This blog addresses all three….
* “However the presence of various fatty acid phthalate esters in the Barnett and Marcellus produced waters can be related to their use in drilling fluids and breaker additives rather than their presence in connate fluids. Halogen containing compounds are found in each of the water samples, and although the fluorocarbon compounds identified are used as tracers, the presence of chlorocarbons and organobromides formed as a consequence of using chlorine containing oxidants (to remove bacteria from source water), suggests that industry should concentrate on non-chemical treatments of frac and produced waters.“
Here is the informal report. Currently, Chesapeake has (had?) a pilot program at the Brentwood Compressor Station that receives water that is piped in from nearby drill sites and uses the heat from the existing compressors for the evaporation process. I spoke with the inventor of the evaporization units who told me that scrubbers are being used in California, where it is mandated. Still unknown is if those evaporization units were on line during the million dollar Ft. Worth, ERG air study.
**HERE IS the related ARTICLE
back in 2012 about injection wells
and the Ft Worth evaporation/compressor station pilot project.
One of the more troubling issues with drilling for Natural Gas is that for every 1 foot dug on a well, it creates 1.2 barrels of waste of which half is water. Injection Wells handle this liquid waste by injecting it deep into the brine water (high salt) of the deep Ellenberger Formation to (hopefully) never be seen again. JimParajon of the City of Arlington Planning Department confirmed that Arlington does not allow injection wells. So where does this waste water go?
Kimbrough Farms at 2828 Chambers Street in Venus TX, is an Injection Well waste disposal site that has recently been in the news. It is one of the sites that may receive liquid disposal waste from Arlington wells. A Google Satellite visit shows the lay of the land that matches the WFAA video report.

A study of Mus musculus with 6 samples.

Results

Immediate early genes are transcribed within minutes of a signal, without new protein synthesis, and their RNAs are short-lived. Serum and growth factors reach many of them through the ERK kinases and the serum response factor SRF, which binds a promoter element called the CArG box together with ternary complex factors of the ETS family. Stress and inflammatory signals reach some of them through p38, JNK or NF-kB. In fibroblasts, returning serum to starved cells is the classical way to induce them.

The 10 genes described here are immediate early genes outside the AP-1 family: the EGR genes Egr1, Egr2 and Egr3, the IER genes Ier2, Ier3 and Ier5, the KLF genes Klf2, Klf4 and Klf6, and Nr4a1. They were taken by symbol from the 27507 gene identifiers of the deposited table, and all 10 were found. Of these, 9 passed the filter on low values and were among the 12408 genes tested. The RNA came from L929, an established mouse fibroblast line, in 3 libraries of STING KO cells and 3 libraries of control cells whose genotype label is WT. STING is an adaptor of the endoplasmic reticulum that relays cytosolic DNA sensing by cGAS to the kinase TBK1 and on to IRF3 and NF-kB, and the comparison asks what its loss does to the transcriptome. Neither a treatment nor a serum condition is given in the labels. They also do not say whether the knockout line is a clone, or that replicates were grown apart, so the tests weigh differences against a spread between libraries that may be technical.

In 1990, the American Petroleum Institute did a confidential industry study and using a conservative assumption found that radium in drilling waste water dumped off the Louisiana coast posed “potentially significant risks” of cancer for people who eat fish from those waters regularly.” (page 6)
If high pressure injection disposals seems too risky, the drilling liquid waste can also be recycled. A Utah based Company called 212 Resources claims “We get methanol, total dissolved solids, minerals, metals – all these things that are in the water.” Recycling averages about 40% more costly than injection disposal, and the amount of water actually recycled has been minimal in relation to the volumes involved in disposal.
During the Ft. Worth Injection Well meeting last week, I inquired about the feasibility of evaporating the waste water mentioned above “if” they would utilize the scrubbers to safely filter the fluids before evaporating it. But that idea was discouraged because the Everas Evaporation Units are too expensive.
The Ft Worth staff’s presentation at the Injection Well meeting was very informative. City officials seemed to be on board with allowing more Injection Well sites. The reason, because hauling waste by trucks to injection disposal sites shortens the lifespan of the roads by one third.
Information from a flyer reads “The current moratorium on new permits for gas injection disposal wells inside the Fort Worth city limits expires in April. There are currently only two injection wells, but City Council is considering lifting the moratorium, but not before hearing from citizens about the issue. Each meeting will include a presentation on injection wells with comments from gas industry representatives and Fort Worth citizens. A moderated question/answer session will follow.”